Drawn to the hallucinatory, enchanted by the morbid, the gothic sensibility mixes incarceration with necromancy, technology with architecture, vampires with séances.
“Most of our fears are petty and small. . . .
Blue Has No South, Alex Epstein’s first book to be translated into English, is a book of 114 surreal, absurd, and/or paradoxical very short stories or flash fiction.
An Unfinished Score begins with our viola-player protagonist, Suzanne, learning about her lover’s tragic death from a radio announcement as she’s having dinner with her composer husband, B
A Chesapeake Shores Christmas, book number four in Ms. Woods’s series, examines the lives of Mick and Megan O’Brien, a middle-aged couple, divorced for several years.
The fine and noble tradition of protest poetry is in safe, strong hands with this latest collection from Thomas Sayers Ellis.
Incest, murder, and a devastating fire come too late in this noir novel to make it a good read. This is unfortunate, because the writer has obvious talent.
The Blending Time is aimed at ages 12 and up, but there are parts that seem shocking in the context of a YA novel—shocking in the context of reality—even though they’re obviously references to even
“I, Edwin Newton Cheek, rode off to war that spring I was eleven, in the warm fly-buzzing days—in the spring of the lush lilacs, 1861.
In the wee hours of a London morning, a wealthy, elderly man, Frank Schoeller, is brutally attacked in his home.
The search for the truth can often be elusive. The truth itself can be devastating.
She did it! She really did it! Ms.
This is the final installment of the Last Round-Up trilogy that began in 1999 with A Star Called Henry and continued with 2004’s Oh, Play That Thing. Spanning nearly the
Erika Meyer sure found an unusual focal point for her novel Strangers in America.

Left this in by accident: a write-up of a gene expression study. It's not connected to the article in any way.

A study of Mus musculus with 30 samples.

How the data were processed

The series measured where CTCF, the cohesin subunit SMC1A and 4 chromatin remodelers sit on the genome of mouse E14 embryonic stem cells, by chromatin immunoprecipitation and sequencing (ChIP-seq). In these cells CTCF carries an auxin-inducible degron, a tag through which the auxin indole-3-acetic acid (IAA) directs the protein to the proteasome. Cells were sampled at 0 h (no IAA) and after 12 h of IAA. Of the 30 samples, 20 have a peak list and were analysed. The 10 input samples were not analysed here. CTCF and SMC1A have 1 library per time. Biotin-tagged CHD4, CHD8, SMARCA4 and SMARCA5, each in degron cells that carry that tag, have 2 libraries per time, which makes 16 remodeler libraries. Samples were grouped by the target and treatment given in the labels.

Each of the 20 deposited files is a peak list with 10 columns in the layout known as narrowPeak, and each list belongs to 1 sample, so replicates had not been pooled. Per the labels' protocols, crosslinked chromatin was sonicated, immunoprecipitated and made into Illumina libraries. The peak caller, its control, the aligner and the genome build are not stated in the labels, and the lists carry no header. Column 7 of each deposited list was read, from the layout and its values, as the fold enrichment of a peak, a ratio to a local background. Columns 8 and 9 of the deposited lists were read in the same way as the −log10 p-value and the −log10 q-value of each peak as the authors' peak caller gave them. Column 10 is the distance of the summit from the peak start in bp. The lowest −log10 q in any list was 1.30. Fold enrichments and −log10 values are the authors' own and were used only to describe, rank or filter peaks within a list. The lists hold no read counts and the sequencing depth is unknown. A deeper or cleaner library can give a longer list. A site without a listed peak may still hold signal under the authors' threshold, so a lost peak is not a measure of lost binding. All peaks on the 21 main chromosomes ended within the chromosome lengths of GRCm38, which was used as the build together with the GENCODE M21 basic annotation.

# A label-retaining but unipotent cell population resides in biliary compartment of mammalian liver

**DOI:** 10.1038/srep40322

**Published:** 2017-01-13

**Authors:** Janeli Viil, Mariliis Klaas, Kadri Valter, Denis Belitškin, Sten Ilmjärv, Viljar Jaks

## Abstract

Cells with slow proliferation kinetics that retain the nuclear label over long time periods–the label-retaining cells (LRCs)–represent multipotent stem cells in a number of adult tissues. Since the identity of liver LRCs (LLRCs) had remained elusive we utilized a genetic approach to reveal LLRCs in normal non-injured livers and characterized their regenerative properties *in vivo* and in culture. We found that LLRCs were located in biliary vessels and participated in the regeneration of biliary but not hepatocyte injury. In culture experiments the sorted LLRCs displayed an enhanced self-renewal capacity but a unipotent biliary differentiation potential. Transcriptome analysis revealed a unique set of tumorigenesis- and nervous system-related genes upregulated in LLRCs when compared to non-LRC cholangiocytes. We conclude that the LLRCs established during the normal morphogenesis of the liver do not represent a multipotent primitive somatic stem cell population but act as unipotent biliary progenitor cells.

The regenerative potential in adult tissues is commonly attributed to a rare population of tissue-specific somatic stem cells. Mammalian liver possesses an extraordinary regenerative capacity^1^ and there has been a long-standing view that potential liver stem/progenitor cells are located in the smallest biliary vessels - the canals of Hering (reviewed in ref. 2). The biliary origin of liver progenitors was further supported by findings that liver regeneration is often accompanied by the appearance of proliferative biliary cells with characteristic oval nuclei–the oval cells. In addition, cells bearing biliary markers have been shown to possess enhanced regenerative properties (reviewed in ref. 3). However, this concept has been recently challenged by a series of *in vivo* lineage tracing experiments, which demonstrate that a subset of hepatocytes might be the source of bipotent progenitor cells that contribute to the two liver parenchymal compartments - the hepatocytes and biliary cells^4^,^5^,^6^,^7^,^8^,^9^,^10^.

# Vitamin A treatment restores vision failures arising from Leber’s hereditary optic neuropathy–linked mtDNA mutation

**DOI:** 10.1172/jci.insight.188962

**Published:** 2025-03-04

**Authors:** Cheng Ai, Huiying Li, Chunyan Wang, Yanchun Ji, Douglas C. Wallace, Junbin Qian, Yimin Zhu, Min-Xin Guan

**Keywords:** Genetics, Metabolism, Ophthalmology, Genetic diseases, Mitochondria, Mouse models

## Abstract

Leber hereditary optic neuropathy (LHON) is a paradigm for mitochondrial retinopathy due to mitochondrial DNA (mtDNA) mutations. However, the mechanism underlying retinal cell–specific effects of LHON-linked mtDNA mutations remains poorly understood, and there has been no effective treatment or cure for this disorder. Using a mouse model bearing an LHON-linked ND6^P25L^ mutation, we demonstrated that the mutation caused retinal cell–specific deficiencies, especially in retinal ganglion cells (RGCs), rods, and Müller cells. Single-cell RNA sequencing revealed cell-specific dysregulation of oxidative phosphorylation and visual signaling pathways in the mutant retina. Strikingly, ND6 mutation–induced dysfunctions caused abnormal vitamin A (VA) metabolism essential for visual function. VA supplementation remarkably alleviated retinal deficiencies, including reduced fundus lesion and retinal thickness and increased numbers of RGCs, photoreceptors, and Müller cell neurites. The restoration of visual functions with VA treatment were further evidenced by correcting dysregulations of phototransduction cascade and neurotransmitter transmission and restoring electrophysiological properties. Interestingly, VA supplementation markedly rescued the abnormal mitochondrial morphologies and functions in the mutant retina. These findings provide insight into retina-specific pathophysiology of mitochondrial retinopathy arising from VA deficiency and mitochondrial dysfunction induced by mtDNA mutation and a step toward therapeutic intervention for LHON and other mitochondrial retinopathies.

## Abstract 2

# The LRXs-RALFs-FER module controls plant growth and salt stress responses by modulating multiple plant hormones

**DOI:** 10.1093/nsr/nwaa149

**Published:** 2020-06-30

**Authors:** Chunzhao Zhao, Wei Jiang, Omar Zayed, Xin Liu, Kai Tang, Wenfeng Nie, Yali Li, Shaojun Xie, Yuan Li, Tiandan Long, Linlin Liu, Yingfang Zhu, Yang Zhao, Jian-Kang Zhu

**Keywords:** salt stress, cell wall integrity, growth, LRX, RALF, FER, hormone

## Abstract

Shortly before his death, the comedian and social critic, George Carlin, decried the “pussification of the American male.” Carlin was complaining about the rise of materialistic, metro-sexual men i
Maggie Pouncey is bringing back language, slow and careful language. It’s the type of language that began to disappear in the 1960s.
Martyrdom Street, by Firoozeh Kashani-Sabet, is an interesting and informative book about life in Iran and America during the Revolution and after the Iran-Iraq War from about 1979 to 1993
How to Read the Air finds Dinaw Mengestu building on many of the themes that made his debut novel, The Beautiful Things That Heaven Bears, both a delight and a sorrow to read.
Further Adventures in the Restless Universe is a small book, a mere one hundred pages. But what it lacks in size, it more than makes up for in literary content.
Epitaph Road is the latest in a string of successful young adult novels by David Patneaude.
Bloodroot stabs at the heart. Its sap drips blood red with beauty, and, if you use it right, poison.
Halfway through Steve Martin’s third novel, An Object of Beauty, his anti-heroine Lacey Yeager discovers she may be implicated in a major art theft involving stolen works by Vermeer and Rembrandt T
Patrick and Margaret had been together for two years. When Patrick had the opportunity to go to Kenya to study tropical diseases, he asked her to go with him.
This is Benjamin Percy’s first novel following his successful short story collections Refresh, Refresh (Graywolf, 2007) and The Language of Elk (Carnegie Mellon, 2006).
History seems to collide with the present and manifest itself physically in this novel. “Mountain Spirits” and even an occasional ghost also glide through the pages.